Storage Solution for Large Photo Collection

Started 2 months ago | Discussions thread
NilsDecker Junior Member • Posts: 31
Re: Storage Solution for Large Photo Collection

DerKeyser wrote:

NilsDecker wrote:

Hi Wolff,

Thanks for sharing this, very helpful. I just finished reading the blog-post you wrote too which is even better (and coincidentally I literally got the same NAS in the mail today :-)).

How did you... figure out the NAS? It seems "a little" overwhelming at first. Which RAID configuration did you apply?

Thanks, Nils

Yes, right at start it looks a little daunting, but it’s not that bad once you get a few pointers. Hopefully these will help:

Wow, amazing! It did/ does help a LOT!

1: The NAS works with a concept called a storage pool. This is basically just the underlying disks RAID’ed together to provide gross space for different storage needs. Those needs are things like:

- Reserved space for the NAS OS itself
- Volumes (Filesystems) for your storage
- Snapshot space if you decide to snapshot volumes you created
So you need to create a storage pool from your disks in order to be able to create a volume (filesystem) for your data. When creating the storagepool you can select between different RAID levels. I only have two drives in my NAS, and hence i choose Raid 1 (Mirror). This allows one drive to fail without dataloss/problems.
If you have more drives, you could fx. look into Raid 6 which stripes data across 4 or more spindles of which two are used for “parity data” - IE: additional data calculated to allow for loss of up to two drives. So in Raid 6 you get your numbers of drives minus two’s capacity for userdata (fx: 6x8Tb equals 4x8Tb usable capacity).
You could also use Raid 5 which has only one drives capacity for parity data, but with todays HUGE drives, you do run a decent risk of not actually being able to rebuild a dead drive if you encounter a dead block on one of the remaining drives. If you make sure to have proper running backup, that could be an acceptable risk because of the drive capacity gained (or saved by buying one less drive).

I have 4x4tb. Would you recommend RAID 5 or 6 in that case? 4TB IronWolf 5900 rpm SATA III 3.5" Internal NAS to be precise which seems to be what you recommend in your next comment?

2: Once your storage pool is created - lets in this example use 3x10Tb drives in Raid 5 - you will have 20Tb of net. Space (one drives capacity is used for parity in Raid5).
The NAS itself will reserve some 200Gb of the space for NAS features so you cannot use that. The remaining 19.7Tb can be used by you to create a volume on. There are two kinds of volumes:
- A thick volume that reserves all its space right away
- A Thin volume that reserves space from the pool when you add data, and give it back when you delete data.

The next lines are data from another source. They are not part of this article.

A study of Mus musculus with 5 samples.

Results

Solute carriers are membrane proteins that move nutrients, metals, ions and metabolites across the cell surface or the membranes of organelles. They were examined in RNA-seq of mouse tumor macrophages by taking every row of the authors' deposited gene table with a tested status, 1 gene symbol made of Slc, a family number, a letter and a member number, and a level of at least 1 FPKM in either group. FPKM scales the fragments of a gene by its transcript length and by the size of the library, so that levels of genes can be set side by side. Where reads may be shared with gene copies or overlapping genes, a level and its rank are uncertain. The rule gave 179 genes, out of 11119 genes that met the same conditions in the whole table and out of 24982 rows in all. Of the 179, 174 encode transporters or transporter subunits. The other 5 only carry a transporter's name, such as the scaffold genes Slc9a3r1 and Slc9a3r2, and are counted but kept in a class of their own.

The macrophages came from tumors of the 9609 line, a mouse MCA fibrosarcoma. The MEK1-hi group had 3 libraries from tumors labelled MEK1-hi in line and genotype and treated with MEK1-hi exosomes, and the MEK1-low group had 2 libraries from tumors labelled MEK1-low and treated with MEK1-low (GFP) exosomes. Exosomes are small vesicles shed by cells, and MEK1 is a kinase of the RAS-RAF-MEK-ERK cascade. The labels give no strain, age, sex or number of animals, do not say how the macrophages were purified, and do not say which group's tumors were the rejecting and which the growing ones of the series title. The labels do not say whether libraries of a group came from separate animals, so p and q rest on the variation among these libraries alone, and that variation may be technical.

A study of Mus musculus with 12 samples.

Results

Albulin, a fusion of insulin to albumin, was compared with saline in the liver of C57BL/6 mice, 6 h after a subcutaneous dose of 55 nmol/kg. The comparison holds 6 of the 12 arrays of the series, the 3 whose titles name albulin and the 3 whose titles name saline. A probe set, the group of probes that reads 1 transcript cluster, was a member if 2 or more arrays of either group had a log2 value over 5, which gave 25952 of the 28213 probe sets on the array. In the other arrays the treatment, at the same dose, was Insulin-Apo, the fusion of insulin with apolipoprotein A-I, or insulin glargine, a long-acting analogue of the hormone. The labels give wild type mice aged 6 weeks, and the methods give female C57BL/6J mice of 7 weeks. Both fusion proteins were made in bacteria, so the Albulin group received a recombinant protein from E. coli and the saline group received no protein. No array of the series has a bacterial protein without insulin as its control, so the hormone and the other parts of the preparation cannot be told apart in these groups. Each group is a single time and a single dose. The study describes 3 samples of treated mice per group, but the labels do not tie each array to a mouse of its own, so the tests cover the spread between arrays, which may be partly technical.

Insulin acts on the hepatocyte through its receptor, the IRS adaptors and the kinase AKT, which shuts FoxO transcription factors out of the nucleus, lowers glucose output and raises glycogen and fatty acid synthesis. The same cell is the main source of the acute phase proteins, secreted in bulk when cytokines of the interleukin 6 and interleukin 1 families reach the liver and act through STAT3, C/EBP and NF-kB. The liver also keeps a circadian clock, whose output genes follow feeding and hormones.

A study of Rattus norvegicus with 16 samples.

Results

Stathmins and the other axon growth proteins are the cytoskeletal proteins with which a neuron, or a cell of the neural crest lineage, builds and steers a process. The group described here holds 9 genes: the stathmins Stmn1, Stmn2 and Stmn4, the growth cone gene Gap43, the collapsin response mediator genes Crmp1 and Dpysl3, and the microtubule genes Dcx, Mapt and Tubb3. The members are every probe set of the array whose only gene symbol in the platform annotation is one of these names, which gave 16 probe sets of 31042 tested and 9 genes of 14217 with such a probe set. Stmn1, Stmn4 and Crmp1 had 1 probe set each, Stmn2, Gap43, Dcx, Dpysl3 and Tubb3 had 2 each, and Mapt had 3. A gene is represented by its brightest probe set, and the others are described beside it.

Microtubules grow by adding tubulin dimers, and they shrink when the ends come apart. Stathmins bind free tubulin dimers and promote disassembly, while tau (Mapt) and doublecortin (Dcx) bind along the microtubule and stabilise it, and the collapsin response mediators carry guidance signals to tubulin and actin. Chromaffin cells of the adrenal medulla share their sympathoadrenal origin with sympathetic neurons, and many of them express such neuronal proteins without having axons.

IMPORTANT: The key point here is NOT to create a volume that uses up all the space in the storage pool because you want space for snapshots as well. So fx. Only create a volume of 17Tb to allow for snapshotspace.

I'm still in "play mode" so the way I had it set up was: 4x4tb in RAID 5, giving me 10.9tb usable storage and I created a volume of 10tb on it. I reserved some space for system applications etc.

Based on your recommendation, I now shrunk the actual volume to 7.9tb and allocated "guaranteed snapshot space" of 5%. Is that too low? I found somewhere in the documentation that the default is 20%.

It can be a little confusing that a Thin volume can be created much bigger that the actual free storagepool space. But it’s pretty neat as you can add drives to the pool one space starts to run out. So in this case we could make a 60Tb volume up front even though we only have 19.8Tb in the pool.

I will strongly recommend NOT overallocating like that since it requires you to monitor free space, and it can cause SERIOUS problems if something allows the pool to run out of space because data is added to the thin volume. So stick to creating a 17Tb volume - you can always increase its size once you have added more disks to the storage pool.

Once the 17Tb volume (Thick or Thin) is created, setup a snapshot schedule of that volume. fx. Create a snapshot every night at 02:00 and keep up to 14 snapshots (14 days).
Those snapshots will use the remaining space in the storagepool, and if the get bigger than the remaining 2.7Tb the oldest ones will delete automatically. For this very reason I can recommend using a Thin volume (but NOT over allocated) vs. A thick. That way snapshots can use the 2.7Tb remaining space + whatever is not used by the automatically growing/shrinking volume

So I think I understand. BUT. I currently set up the volume as a thick type, but, with a guaranteed snapshot space (see above, might increase to more than 5% which is what it's currently at). Isn't that the same then, somehow?

Hopes all this makes sense

After your volume is ready and you have added data, make sure to download the APP called HBS 3 (Hybrid Backup Sync 3). This app allows you to setup automatic jobs that copy/backup or syncs data (I use Sync) to a cloud service on scheduled basis.
It also allows you to configure Local Backups via the One Touch Copy button on the front of the NAS (IE: When a USB drive is connected, pressing the button will sync all your data to the USB drive)

I will look into all of that once I feel I've found the right setup of RAID/ thick vs. thin/ etc.

Thanks a MILLION, I really really appreciate it! 100x better than watching YT tutorials and reading manufacturer documentation.

Good luck with your NAS - I’m sure you will love as much as I do once you get it all set up.

PS: There are a lot of APPs for the NAS that allows your images to be shared to clients around the house. Several uPnP/DNLA apps exist - fx. Photostation, but also more elaborate servers like PLEX are great. I use PLEX because that handles all my Music, Photos and Video in the same app on clients, and it allows offline sync of music/movies.